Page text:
When a child can’t see well, you might expect them to verbalize their inability to see clearly or complain of headaches, but a child may not say that they are having trouble with their vision because they don’t realize that the world isn’t supposed to be blurry.
Surprisingly, as many as one out of four children in school have vision problems and a large number of children with vision problems go undetected. When vision impairment goes undiagnosed, their behavior can be misdiagnosed as a learning disability.
Some common signs of vision problems are:
- Omitting letters, words or phrases
- Writing that is difficult to read, crowded or inconsistent in size
- Mistaking words with similar beginnings
- Miscalling or omitting “small” words
- Losing place while reading
- Misaligning digits in columns of numbers
- Writing uphill or downhill
- Reversing letters (d for b) or words (saw for was)
- Rereads or skips words while reading
- Lip reading or whisper reading to reinforce comprehension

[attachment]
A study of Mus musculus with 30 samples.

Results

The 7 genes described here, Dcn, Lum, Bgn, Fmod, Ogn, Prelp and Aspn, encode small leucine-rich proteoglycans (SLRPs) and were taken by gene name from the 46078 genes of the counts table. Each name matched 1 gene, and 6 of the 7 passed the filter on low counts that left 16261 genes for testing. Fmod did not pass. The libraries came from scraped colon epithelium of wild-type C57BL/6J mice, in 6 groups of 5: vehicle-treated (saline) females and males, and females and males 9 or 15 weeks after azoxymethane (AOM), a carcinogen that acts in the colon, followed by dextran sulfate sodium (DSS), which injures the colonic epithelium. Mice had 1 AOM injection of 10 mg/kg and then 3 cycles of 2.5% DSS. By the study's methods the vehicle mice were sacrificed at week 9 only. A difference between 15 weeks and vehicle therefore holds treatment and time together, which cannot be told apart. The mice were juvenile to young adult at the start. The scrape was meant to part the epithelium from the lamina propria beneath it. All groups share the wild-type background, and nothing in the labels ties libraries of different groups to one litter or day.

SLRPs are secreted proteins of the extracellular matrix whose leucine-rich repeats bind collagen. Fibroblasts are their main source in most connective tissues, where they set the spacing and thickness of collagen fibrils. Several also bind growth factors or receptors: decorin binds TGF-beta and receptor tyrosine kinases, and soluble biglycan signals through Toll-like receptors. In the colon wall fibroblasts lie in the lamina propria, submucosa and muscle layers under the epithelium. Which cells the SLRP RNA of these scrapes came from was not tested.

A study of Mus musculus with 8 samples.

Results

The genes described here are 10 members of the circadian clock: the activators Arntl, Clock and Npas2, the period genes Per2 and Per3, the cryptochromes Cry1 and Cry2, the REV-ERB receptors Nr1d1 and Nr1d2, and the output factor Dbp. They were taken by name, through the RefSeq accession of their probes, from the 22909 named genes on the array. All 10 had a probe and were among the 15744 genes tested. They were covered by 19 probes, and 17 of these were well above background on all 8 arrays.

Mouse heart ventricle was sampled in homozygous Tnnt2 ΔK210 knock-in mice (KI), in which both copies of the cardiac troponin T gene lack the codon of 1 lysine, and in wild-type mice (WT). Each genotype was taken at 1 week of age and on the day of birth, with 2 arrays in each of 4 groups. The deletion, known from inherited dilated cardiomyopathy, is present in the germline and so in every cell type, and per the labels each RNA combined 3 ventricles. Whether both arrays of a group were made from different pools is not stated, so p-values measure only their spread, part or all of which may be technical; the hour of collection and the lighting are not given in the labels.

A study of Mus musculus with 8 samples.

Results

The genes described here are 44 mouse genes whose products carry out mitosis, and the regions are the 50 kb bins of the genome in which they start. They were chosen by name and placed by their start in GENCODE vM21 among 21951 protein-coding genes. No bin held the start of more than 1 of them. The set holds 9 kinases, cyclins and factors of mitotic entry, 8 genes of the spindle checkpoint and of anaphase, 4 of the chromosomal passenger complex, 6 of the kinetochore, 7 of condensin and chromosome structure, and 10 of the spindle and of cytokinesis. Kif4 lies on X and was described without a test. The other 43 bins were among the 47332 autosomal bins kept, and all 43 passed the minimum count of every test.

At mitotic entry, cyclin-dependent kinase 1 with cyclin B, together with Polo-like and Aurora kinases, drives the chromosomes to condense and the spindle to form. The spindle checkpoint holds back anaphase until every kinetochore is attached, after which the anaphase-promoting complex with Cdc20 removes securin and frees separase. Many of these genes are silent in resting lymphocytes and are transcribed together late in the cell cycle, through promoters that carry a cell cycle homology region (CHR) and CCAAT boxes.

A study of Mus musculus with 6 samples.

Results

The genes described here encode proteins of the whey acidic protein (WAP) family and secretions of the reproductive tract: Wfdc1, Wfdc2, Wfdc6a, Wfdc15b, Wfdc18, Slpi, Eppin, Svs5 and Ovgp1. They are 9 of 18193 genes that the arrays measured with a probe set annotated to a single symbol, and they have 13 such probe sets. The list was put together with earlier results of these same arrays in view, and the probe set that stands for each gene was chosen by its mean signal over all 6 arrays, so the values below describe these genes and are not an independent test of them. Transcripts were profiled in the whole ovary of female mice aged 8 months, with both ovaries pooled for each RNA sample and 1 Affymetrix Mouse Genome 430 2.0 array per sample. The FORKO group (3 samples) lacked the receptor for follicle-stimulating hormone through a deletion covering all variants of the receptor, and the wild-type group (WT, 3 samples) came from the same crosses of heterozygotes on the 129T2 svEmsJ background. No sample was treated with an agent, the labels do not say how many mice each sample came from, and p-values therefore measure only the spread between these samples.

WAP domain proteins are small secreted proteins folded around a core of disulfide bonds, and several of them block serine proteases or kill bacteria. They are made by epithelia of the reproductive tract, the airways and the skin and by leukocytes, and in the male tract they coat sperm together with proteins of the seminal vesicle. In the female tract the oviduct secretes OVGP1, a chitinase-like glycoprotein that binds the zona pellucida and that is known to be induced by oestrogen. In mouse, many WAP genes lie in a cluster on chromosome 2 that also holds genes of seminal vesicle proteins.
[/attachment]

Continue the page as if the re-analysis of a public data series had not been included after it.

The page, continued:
Parents and educators may assume that when a child passes a school vision screening, there is no vision problem. However, school vision screenings often only test for visual sharpness. A child who can see 20/20 can still have a vision problem.
If your child exhibits any of the signs and symptoms listed above, you may want to make an appointment for an eye exam with an Ophthalmologist at Jamaica Hospital Medical Center’s Ophthalmology Center. For an appointment, call 718-206-5900.
All content of this newsletter is intended for general information purposes only and is not intended or implied to be a substitute for professional medical advice, diagnosis or treatment. Please consult a medical professional before adopting any of the suggestions on this page. You must never disregard professional medical advice or delay seeking medical treatment based upon any content of this newsletter. PROMPTLY CONSULT YOUR PHYSICIAN OR CALL 911 IF YOU BELIEVE YOU HAVE A MEDICAL EMERGENCY.